Dr. Werner Henle, Virologist

Posted: July 07, 1987

Dr. Werner Henle, an internationally known virologist, died yesterday. He was 77 and lived in Newtown Square, Delaware County.

Henle was emeritus director of the Virus Diagnostic Laboratory of Children's Hospital of Philadelphia. With his wife, Dr. Gertrude Henle, he had been associated with the hospital and the University of Pennsylvania for more than 40 years.

The husband-wife team is credited with being responsible for the first convincing demonstration in 1943 of the effectiveness of inoculation against influenza.

The two were also responsible for the development of a rapid test to diagnose mumps in the first few days of illness, as well as for evaluation of a vaccine against mumps.

They also cooperated with the late Dr. Joseph Stokes Jr. in the research work that demonstrated the effectiveness of gamma globulin against infectious hepatitis.

"It is a tribute to Dr. Henle's professional dedication that since he and his wife retired from the University of Pennsylvania in 1982, they both continued to come in to Children's Hospital daily to continue their research until a few months ago," said Richard D. Wood, former chairman of the hospital's board of managers and current chairman of the Children's Hospital Foundation. "The value of their work can be measured by the thousands of children whose lives have been saved."

The Henles' important basic research concerning the mechanism of virus infections made possible the discovery of interferon.

The husband-wife team also showed that the Epstein-Barr virus, a previously unknown human virus, is the cause of infectious mononucleosis and is involved in the development of two human cancers, Burkitt's lymphoma and nasopharyngeal carcinoma.

Henle was the grandson of German anatomist Jacob Henle, who identified a part of the kidney known as "Henle's loop." Werner Henle was born in Germany and received his medical degree from the University of Heidelberg before immigrating to this country. He had known his wife in Germany, and they married after she arrived in the United States.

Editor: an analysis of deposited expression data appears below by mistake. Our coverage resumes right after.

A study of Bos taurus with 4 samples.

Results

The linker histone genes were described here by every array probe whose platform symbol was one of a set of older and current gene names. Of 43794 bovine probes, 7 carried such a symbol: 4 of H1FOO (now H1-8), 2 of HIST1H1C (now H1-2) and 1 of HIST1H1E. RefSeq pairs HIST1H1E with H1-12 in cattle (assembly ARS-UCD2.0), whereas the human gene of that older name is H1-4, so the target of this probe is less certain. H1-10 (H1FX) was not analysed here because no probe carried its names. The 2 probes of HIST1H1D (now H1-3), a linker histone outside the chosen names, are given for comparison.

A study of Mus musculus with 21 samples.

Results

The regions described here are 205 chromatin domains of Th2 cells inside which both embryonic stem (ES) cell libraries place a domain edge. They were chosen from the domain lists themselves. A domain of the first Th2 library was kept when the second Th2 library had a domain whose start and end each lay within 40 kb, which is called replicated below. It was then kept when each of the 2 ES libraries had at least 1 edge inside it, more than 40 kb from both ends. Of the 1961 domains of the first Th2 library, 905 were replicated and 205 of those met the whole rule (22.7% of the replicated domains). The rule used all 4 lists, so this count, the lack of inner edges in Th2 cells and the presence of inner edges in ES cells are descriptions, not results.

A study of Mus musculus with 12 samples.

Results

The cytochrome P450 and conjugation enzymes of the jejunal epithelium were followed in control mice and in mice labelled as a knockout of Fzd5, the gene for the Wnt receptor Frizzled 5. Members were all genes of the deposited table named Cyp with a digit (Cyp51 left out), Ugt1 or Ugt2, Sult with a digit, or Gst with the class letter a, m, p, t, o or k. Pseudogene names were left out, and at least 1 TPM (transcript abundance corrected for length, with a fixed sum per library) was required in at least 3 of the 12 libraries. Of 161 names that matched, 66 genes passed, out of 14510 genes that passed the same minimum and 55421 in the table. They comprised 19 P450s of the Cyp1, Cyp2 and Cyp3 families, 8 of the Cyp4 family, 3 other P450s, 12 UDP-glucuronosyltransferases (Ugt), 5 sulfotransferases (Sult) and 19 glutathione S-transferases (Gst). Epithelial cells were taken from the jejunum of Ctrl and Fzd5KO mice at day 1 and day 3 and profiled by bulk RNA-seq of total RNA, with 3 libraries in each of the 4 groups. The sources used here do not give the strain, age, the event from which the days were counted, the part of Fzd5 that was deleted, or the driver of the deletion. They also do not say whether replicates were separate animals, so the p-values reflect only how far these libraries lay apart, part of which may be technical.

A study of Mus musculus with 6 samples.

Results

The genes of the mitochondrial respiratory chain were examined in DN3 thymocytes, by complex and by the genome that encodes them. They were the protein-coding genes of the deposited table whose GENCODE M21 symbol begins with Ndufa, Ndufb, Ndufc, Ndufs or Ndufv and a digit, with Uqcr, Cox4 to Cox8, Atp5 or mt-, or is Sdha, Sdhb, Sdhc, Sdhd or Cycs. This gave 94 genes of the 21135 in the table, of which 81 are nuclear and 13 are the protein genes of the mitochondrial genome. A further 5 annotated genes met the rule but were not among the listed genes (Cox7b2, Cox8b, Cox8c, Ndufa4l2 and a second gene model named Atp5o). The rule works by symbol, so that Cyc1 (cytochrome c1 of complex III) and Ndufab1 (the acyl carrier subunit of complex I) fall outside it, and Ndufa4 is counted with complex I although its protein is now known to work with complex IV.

The discovery that brought the most public attention occurred in the late 1960s, when the Henles identified the first virus regularly associated with human cancers.

They established a relationship between infectious mononucleosis and Burkitt's lymphoma, a cancer common in some parts of Africa. Their research provided an important tool for study of infectious mononucleosis, its detection and diagnosis.

Dr. Klaus Hummeler, director of Children's Hospital's Joseph Stokes Jr. Research Institute, said, "The regard in which the Henles were held by the scientific community was indicated when the 1984 edition of 'Progress in Medical Virology' was published in honor of the Drs. Henle."

Over the years Henle and his wife received numerous honors, including the Bristol-Myers Award for Distinguished Achievement in Cancer Research in 1979, and the Children's Hospital Gold Medal, the institution's highest award, in 1983.

Henle was a member of the National Cancer Advisory Board from 1974 to 1976 and was elected a member of the National Academy of Sciences in 1975. He and his wife hold the rank of professors emeritus of virology in pediatrics at the University of Pennsylvania School of Medicine. They have contributed more than 385 articles to scientific literature.

Gertrude Henle is his only immediate survivor.

A memorial service at Children's Hospital will be held at a later date.